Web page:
EEA outlines measures for reducing landfill of biodegradable waste

On 22 March, the European Environment Agency (EEA) issued a study on the status of biodegradable waste in Europe. It highlights the differences between the national strategies drawn up, the methods currently used and the alternatives to landfill available.

The report by the EEA aims to compare the development of the treatment of biodegradable waste between Member States, as well as suggesting measures to reduce the use of landfills. The main findings are:

  • The options to landfill are limited and include incineration with energy recovery, central composting and material recycling.
  • There are considerable gaps in information at national level. Harmonised data collection systems and reporting must be developed to be able to follow the waste flows.
  • A more detailed description of what should be considered as biodegradable waste is needed.
  • Countries, particularly Denmark, that have been successful in minimising landfill, have used an integrated approach including separate collection, development of a market for the side-products and a combined use of several treatment options.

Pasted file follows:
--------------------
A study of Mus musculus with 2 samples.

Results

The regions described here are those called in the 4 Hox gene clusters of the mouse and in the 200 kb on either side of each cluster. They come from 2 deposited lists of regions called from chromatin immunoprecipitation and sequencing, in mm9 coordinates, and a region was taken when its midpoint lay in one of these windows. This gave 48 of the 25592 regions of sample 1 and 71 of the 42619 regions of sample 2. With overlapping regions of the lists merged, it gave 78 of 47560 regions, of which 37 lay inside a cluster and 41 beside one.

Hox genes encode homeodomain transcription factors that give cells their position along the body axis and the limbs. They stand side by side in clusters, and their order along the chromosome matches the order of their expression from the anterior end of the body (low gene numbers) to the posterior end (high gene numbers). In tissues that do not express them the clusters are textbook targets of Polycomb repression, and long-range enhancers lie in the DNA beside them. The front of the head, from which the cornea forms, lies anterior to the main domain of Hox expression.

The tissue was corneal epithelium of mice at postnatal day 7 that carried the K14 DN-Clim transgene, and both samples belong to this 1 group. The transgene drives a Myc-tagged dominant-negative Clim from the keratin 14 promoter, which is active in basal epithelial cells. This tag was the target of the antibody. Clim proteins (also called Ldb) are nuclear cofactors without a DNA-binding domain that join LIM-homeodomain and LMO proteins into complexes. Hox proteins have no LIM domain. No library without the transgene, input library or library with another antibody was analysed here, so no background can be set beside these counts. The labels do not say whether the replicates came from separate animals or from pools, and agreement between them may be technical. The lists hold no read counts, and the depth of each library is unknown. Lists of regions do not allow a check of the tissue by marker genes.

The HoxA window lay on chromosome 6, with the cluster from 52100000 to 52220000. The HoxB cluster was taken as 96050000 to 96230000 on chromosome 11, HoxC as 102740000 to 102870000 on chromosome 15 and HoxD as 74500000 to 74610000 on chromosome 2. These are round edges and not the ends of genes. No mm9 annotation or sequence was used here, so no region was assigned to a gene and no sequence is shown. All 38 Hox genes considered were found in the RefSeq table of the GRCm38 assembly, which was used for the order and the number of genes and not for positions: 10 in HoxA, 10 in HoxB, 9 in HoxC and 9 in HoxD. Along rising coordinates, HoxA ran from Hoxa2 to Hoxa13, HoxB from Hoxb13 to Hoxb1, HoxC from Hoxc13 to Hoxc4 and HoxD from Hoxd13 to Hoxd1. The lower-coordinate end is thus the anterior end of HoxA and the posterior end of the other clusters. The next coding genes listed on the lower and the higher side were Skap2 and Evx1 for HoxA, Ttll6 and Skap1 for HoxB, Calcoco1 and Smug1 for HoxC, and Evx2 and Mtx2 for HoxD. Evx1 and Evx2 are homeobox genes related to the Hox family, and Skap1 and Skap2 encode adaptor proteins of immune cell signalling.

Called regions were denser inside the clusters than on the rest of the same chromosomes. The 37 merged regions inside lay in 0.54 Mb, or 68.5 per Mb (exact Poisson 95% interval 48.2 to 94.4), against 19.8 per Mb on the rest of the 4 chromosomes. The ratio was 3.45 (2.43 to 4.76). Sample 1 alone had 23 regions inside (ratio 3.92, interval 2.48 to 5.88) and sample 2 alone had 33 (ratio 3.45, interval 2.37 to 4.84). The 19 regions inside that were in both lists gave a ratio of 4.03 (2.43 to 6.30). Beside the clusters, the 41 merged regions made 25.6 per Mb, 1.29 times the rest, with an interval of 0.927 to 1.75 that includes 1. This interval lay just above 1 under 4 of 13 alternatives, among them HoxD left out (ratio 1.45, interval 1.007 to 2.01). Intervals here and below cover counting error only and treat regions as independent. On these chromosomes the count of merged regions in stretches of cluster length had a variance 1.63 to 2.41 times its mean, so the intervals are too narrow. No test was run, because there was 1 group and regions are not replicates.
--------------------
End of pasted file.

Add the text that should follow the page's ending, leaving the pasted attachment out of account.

• Bans, restrictions and taxation are key instruments to divert biodegradable waste away from landfills.

 

Biodegradable waste comprises for example food waste, garden waste, paper, cardboard, textiles and wood. The landfill directive from 1999, obliges Member States to reduce the quantities of biodegradable waste going to landfill. Member States also have to draw up national strategies for how to meet the targets.

 


The Environment Directorate-General and the Joint Research Centre of the European Commission organise a three day technical and scientific workshop on "Biological treatment of biodegradable waste - Technical aspects" that will take place in Brussels from 8 until 10 April 2002.